A man experiencing homelessness was found dead outside of the Eagle Rock Vons on the morning Feb. 26. Jane Demian, Eagle Rock Neighborhood Council (ERNC) homelessness liaison, said she suspected he froze to death due to the unprecedented winter temperatures Los Angeles has been experiencing.
The night before the man died, it was raining and the weather was around 45 degrees.
Cesar*, an employee at the Eagle Rock Vons, said he was working when the man was found dead.
“I saw him turn this direction, and he had no shirt on. I went to help put away the carts, and half an hour later my boss came outside and saw him.” Cesar said. “The man wasn’t moving, so we called the ambulance. The paramedics declared him deceased once they had covered the body. This was at around 8:30 or 9 in the morning.”
Richard Jerez, who works at Vons as a security guard, said he has gotten to know many of the unhoused people who frequent the Vons parking lot. Jerez said that because the homeless community in Eagle Rock is smaller compared to the rest of LA, most people know each other and keep track of one another.
“It was raining that night, and it was cold. The man was under a tarp type thing, but it kept flipping up.” Jerez said, “[He] was drinking vodka to try and stay warm.”
Demian said the system in place to support people experiencing homelessness is broken. She said she has been involved in providing aid for the unhoused community in Eagle Rock for years, and has observed the system’s flaws.
“So in a case like this, when you have a person dying on the street, you have to question what the system is really doing to help homeless people who really need help,” Demian said. “In a city with all these resources, somebody’s just left there. How does that happen?”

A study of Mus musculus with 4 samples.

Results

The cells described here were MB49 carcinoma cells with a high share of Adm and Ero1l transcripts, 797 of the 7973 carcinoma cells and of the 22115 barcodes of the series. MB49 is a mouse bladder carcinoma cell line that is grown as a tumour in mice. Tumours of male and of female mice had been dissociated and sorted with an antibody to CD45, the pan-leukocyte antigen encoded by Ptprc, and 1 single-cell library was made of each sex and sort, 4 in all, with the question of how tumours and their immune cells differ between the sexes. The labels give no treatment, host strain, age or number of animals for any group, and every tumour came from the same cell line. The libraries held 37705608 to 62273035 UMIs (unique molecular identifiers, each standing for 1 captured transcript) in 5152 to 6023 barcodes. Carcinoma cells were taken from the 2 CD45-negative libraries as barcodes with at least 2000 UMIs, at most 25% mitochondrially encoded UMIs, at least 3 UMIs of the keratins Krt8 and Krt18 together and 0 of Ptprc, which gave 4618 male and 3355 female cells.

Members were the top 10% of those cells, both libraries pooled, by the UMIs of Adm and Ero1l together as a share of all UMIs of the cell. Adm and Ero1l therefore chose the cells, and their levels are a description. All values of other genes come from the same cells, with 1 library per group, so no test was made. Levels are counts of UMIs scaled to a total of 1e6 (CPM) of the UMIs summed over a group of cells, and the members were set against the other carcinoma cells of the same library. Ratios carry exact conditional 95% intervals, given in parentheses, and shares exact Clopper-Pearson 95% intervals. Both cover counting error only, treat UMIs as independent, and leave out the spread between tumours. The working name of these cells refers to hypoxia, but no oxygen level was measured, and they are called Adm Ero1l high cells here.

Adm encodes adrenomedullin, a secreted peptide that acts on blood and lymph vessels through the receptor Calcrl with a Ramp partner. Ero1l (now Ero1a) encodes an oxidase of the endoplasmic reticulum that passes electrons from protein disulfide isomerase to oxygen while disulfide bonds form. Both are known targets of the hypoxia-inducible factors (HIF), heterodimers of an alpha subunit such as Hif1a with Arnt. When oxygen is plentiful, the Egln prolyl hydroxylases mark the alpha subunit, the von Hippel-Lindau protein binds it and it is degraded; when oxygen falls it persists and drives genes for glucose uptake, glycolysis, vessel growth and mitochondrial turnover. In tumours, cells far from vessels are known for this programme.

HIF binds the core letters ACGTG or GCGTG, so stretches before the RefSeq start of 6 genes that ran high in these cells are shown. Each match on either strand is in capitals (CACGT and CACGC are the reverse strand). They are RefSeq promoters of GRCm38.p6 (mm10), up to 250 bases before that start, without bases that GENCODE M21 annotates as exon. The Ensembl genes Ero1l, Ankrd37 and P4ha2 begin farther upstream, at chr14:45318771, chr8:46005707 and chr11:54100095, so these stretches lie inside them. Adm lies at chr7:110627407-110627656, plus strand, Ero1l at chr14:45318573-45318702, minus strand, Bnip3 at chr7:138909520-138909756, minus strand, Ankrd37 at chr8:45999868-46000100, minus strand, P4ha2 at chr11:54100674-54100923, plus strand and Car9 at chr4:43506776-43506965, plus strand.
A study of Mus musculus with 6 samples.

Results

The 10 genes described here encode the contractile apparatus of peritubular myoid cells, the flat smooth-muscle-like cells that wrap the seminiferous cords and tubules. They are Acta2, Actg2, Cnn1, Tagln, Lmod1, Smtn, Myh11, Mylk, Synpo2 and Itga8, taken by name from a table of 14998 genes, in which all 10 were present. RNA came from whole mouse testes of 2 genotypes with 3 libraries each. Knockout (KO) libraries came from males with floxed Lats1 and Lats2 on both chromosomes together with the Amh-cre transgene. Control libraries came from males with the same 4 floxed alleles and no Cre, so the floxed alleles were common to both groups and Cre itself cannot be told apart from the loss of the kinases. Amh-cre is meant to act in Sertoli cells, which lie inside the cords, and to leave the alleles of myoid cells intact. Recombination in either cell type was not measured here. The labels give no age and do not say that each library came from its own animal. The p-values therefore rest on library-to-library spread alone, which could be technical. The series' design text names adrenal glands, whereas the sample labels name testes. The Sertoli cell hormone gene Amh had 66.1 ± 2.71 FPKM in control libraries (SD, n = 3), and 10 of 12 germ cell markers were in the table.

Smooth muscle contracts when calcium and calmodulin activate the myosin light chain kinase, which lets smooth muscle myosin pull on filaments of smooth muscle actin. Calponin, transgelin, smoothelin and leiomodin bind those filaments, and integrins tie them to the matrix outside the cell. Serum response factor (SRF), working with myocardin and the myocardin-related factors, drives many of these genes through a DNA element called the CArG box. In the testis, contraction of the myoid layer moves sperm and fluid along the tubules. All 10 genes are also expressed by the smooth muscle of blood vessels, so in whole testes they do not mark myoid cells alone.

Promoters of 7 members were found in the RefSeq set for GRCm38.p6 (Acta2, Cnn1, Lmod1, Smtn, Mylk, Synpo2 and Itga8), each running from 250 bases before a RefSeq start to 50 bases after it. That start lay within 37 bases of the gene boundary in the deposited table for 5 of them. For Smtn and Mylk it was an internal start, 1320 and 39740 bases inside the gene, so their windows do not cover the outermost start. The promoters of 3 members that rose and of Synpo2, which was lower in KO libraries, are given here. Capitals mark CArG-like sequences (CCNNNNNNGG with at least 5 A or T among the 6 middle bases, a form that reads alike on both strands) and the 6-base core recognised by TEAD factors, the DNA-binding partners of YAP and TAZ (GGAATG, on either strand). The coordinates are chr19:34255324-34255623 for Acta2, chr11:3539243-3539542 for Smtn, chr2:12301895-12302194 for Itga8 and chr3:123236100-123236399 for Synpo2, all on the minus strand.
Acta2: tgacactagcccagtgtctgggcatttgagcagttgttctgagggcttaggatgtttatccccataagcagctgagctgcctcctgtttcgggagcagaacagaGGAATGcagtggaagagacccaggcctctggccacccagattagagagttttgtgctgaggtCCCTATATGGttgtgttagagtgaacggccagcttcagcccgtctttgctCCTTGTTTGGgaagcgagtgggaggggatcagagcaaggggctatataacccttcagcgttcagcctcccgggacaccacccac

Demian said that while housed neighbors in LA are happy that snow fell in the mountains, the bone-cold temperatures devastate unhoused neighbors. There are winter shelters to protect unhoused people in LA during colder months, but Demian said the limited availability and instability of winter shelters makes them an unsustainable solution.
“People go into the winter shelter for a week, during which time their tents and everything in the tent will be thrown away. Because the sweeps come through and take everything away,” Demian said. “Then after they leave, they go back to the street, and they have to find another tent and try to pull together a new home.”
There is a memorial by the ice machine outside of Vons, which Cesar said is dedicated to the man who died there. According to Jerez, people in Eagle Rock’s unhoused community are sad about this loss and are concerned about future winter storms.
“You never want to see people in this situation, but so many people are stuck,” Jerez said.
Contact Eliza Kirk at firstname.lastname@example.org
*The last name of Cesar has been withheld. For more information on The Occidental’s anonymity policy, visit our Frequently Asked Questions.